Summary: In today's lesson we learn various instructions regarding living the Christian life.
We continue our study in The First Letter of Paul to the Corinthians in a series I am calling Challenges Christians Face.
One of the challenges that Christians face is the issue of Christian living. The Apostle Paul addressed a number of issues regarding Christian living as he concluded his letter.
Let us read 1 Corinthians 16:5-14:
5 I will visit you after passing through Macedonia, for I intend to pass through Macedonia, 6 and perhaps I will stay with you or even spend the winter, so that you may help me on my journey, wherever I go. 7 For I do not want to see you now just in passing. I hope to spend some time with you, if the Lord permits. 8 But I will stay in Ephesus until Pentecost, 9 for a wide door for effective work has opened to me, and there are many adversaries.
10 When Timothy comes, see that you put him at ease among you, for he is doing the work of the Lord, as I am. 11 So let no one despise him. Help him on his way in peace, that he may return to me, for I am expecting him with the brothers.
12 Now concerning our brother Apollos, I strongly urged him to visit you with the other brothers, but it was not at all his will to come now. He will come when he has opportunity.
13 Be watchful, stand firm in the faith, act like men, be strong. 14 Let all that you do be done in love. (1 Corinthians 16:5-14)
When I left home for the first time after finishing high school I went into the South African Air Force. I remember the day my Mom and Dad said goodbye to me. The kept saying, “Have you remembered this. . . .” And, “Don’t forget to. . . .” And, “Be sure to. . . .” And so on. It was hard for them to let me go without giving me all kinds of final instructions.
That is what Paul is doing at the end of his letter to the Corinthians. He was thinking of all kinds of things that he still wanted to say to the Corinthians while recognizing that it was time to finish and send the letter. In these concluding verses of the letter we read of Paul’s final instructions to the Corinthians.
So, in today’s lesson we learn various instructions regarding living the Christian life. Let’s use the following outline to guide us:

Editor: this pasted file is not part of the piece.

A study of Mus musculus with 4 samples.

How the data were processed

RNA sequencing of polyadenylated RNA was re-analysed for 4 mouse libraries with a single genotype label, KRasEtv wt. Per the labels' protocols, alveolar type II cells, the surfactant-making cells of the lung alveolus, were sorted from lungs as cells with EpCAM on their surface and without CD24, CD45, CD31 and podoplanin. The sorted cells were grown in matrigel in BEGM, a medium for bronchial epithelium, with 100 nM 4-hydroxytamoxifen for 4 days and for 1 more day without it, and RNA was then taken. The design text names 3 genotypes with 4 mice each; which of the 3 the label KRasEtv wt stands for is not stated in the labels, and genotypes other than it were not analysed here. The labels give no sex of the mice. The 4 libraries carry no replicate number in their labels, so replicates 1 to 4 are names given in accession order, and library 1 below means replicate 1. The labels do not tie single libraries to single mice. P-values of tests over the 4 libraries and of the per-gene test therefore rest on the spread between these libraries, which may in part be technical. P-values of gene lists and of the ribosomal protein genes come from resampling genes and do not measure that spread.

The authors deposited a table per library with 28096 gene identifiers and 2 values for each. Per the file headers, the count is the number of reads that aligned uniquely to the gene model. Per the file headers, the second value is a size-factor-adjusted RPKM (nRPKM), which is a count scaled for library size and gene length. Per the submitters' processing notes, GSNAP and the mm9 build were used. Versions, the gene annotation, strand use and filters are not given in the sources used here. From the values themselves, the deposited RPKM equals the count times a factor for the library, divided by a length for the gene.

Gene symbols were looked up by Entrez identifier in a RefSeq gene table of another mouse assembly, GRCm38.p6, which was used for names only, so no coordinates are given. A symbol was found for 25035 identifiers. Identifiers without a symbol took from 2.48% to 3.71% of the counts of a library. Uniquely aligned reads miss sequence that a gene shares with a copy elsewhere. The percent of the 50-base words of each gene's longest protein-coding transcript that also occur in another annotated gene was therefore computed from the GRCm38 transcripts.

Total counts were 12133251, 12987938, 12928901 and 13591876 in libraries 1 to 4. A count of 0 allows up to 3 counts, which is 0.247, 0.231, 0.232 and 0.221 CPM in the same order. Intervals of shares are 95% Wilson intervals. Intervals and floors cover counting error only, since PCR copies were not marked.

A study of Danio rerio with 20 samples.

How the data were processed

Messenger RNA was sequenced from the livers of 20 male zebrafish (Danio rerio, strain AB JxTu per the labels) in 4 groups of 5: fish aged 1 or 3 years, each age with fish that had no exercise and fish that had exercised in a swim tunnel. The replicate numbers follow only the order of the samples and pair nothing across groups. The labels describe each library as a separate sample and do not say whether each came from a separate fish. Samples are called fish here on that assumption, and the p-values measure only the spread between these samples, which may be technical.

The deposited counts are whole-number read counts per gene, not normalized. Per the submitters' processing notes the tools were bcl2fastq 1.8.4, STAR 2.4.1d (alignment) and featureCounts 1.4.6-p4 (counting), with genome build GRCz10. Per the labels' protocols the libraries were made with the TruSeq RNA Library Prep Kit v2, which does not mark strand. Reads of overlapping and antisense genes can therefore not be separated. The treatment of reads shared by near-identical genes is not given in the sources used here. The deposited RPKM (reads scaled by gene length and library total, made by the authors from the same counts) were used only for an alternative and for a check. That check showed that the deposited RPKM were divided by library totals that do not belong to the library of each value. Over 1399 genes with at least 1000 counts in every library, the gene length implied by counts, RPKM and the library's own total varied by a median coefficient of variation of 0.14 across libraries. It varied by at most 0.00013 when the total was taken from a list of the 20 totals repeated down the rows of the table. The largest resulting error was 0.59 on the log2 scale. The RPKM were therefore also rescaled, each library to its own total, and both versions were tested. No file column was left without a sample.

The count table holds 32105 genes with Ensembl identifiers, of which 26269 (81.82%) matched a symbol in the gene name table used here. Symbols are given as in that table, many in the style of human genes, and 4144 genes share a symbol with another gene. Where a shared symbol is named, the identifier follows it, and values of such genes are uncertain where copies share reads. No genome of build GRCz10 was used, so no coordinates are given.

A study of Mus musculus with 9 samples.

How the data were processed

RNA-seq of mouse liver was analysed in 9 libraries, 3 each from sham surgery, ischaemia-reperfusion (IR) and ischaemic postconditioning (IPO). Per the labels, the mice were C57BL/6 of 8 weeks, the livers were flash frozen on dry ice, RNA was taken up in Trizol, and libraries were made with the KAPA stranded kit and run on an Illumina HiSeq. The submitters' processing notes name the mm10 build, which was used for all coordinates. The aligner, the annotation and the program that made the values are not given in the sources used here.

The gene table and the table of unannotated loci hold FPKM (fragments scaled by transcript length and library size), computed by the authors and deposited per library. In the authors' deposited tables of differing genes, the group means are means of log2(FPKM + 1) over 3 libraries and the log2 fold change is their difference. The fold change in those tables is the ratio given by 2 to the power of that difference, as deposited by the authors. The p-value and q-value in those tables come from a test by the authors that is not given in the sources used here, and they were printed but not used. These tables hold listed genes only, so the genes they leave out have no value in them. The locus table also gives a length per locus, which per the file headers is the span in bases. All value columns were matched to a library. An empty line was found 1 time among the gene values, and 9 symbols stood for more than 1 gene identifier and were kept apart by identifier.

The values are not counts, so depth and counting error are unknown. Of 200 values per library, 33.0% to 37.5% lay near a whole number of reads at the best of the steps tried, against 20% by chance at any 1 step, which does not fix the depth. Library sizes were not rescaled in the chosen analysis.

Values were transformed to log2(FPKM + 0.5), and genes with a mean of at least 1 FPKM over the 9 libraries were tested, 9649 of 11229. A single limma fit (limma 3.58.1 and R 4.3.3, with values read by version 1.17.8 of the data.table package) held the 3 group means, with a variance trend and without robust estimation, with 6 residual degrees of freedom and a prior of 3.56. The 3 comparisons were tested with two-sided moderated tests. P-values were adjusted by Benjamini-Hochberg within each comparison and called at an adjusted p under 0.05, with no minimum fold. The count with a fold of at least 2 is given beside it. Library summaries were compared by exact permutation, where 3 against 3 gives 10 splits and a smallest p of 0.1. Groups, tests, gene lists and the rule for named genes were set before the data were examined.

1. Doing God’s Work in God’s Way (16:5-12)
2. Principles for Powerful Living (16:13-14)
I. Doing God’s Work in God’s Way (16:5-12)
First, let’s look at doing God’s work in God’s way.
As you know, we are now starting to save money for what I am calling our “West Wing Expansion.” When that wing gets built it will be constructed according to the architect’s plans and all the required building codes. Before we can use the expansion it will have to pass inspection to ensure that all the building codes were properly followed.
In the same way, God’s work must be done in God’s way. Jesus is building his church. And he is doing so through us, his workers. Everything that we do in participating in the building of Jesus’ church must be done according to his plan and code, which he has revealed in the Bible, and must be continually subject to the divine inspection of the Holy Spirit.
In these verses the apostle Paul gives us six principles for doing God’s work in God’s way.
A. God’s Worker Must Have a Vision for the Future (16:5)
First, God’s worker must have a vision for the future.
You may recall that Paul had planted the church at Corinth during the 18 months he spent there in the early 50s during his second missionary journey. After a brief trip to Judea and Syria, Paul settled in Ephesus for three years (52-55 AD). While there he wrote two letters to the Corinthians, the first of which is lost. The second letter he wrote is the current letter we have and which we call The First Letter of Paul to the Corinthians, and was written between 53 and 55 AD.
Paul wanted to visit the Corinthian church again because he said in verse 5: “I will visit you after passing through Macedonia, for I intend to pass through Macedonia.” Paul was the consummate visionary. He was constantly strategizing about how the gospel could be advanced.
God’s worker plans and strategizes, and looks to the future with a vision for seeing the gospel advance. One writer suggested that Paul was haunted by distant regions, and never saw a ship at anchor but that he wished to board it to carry the good news to people across the waters, and that he never saw a mountain range but that he wanted to cross it and build up the saints in the Lord.